Support The Moscow Times!

Weekend in Moscow: First Ever Sweding Festival

This Saturday Moscow’s first ever sweding festival comes to the Winzavod Center for Contemporary Art. 

If you’re not familiar with the concept, sweding has nothing to do with Scandinavia and everything to do with budding actors and actresses getting together to remake their favorite scenes from iconic films. 

Over the last few weeks amateur filmmakers and thespians have been submitting their own three-minute film parodies to the project’s website for a chance to become overall winner of the competition.

“Sweding immerses ordinary people into the magical world of movies, where everyone can try their hand at filming and acting,” said Yury Strelyukhin, the director of the project. “In sweding amateurs and professionals are equal and everyone stands a chance.”

If you missed the chance to enter your masterpiece, you can still enjoy the festival as a spectator. Winzavod will turn itself into a cinephile’s paradise for the event, with an urban beach, food court and cinema screen in the central courtyard.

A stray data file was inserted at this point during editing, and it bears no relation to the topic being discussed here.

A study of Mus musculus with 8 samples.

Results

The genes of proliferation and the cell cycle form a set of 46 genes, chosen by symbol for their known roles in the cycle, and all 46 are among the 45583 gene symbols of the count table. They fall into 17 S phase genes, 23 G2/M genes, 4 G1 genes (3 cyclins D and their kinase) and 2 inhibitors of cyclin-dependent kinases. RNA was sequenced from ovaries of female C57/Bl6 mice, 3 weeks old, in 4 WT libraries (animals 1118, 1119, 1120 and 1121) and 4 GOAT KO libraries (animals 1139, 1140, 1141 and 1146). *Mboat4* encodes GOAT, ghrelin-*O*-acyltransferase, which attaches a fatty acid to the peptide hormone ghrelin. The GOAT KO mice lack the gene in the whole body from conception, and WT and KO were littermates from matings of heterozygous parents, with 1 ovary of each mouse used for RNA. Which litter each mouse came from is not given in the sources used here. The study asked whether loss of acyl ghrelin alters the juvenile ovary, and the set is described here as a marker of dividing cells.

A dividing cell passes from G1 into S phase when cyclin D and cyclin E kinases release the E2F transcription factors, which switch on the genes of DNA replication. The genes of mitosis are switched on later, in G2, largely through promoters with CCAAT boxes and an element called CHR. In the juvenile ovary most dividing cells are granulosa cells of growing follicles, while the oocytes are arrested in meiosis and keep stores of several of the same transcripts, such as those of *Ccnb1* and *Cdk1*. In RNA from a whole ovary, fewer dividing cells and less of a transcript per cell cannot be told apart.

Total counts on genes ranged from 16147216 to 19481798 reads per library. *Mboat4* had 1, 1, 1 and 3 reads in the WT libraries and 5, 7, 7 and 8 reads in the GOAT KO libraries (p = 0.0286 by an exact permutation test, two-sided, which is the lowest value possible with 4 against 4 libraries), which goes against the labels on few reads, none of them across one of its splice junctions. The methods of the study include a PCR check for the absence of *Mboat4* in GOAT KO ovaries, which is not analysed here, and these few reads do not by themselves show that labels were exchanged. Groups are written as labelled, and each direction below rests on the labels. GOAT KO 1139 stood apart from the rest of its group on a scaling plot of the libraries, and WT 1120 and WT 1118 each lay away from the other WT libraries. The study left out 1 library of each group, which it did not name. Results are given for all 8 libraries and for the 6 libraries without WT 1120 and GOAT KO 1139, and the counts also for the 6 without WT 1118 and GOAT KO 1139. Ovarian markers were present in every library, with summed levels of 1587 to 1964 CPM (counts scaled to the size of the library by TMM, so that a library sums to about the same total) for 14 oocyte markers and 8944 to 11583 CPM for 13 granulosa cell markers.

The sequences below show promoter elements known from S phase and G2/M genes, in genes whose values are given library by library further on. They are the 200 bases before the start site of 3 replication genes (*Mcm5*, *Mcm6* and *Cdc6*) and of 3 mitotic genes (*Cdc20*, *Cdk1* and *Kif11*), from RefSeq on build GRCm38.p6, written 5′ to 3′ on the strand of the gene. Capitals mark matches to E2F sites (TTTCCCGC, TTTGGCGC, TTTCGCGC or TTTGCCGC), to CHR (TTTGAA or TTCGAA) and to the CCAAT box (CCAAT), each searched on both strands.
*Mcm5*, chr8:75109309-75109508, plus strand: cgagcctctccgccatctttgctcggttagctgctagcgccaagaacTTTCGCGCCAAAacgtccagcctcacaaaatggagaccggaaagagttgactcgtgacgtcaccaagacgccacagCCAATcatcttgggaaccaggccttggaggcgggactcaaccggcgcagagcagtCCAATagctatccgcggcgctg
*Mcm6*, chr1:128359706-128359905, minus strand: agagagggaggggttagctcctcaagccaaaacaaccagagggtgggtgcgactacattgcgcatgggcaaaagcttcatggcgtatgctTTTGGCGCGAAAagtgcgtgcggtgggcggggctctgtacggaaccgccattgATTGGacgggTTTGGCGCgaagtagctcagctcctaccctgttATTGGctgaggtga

Events kick off at 2 p.m. when the final shortlisted films will be shown to the audience, followed by a number of masterclasses and lectures by film industry professionals. Costume designer Alice Maksimova will be on hand throughout the day to turn visitors into movie stars. At 5:30 p.m. the ultimate winners will be announced. 

The days events will be followed by an awards ceremony, DJ set and costume party  which will continue into the evening. If all that isn’t enough to persuade you, Winzavod have also mocked up the stern of the Titanic so that Muscovites can experience their very own “Do you trust me?” scene from the iconic film. 

The sweding festival takes place on August 6 at the Winzavod Center for Contemporary Art. 1 4th Syromyatnicheskaya Ulitsa. Metro Kurskaya. Tickets cost 56o rubles and can be bought online in advance, or at the festival. 

Read more

Independent journalism isn’t dead. You can help keep it alive.

As the only remaining independent, English-language news source reporting from Russia, The Moscow Times plays a critical role in connecting Russia to the world.

Editorial decisions are made entirely by journalists in our newsroom, who adhere to the highest ethical standards. We fearlessly cover issues that are often considered off-limits or taboo in Russia, from domestic violence and LGBT issues to the climate crisis and a secretive nuclear blast that exposed unknowing doctors to radiation.

Please consider making a one-time donation — or better still a recurring donation — to The Moscow Times to help us continue producing vital, high-quality journalism about the world's largest country.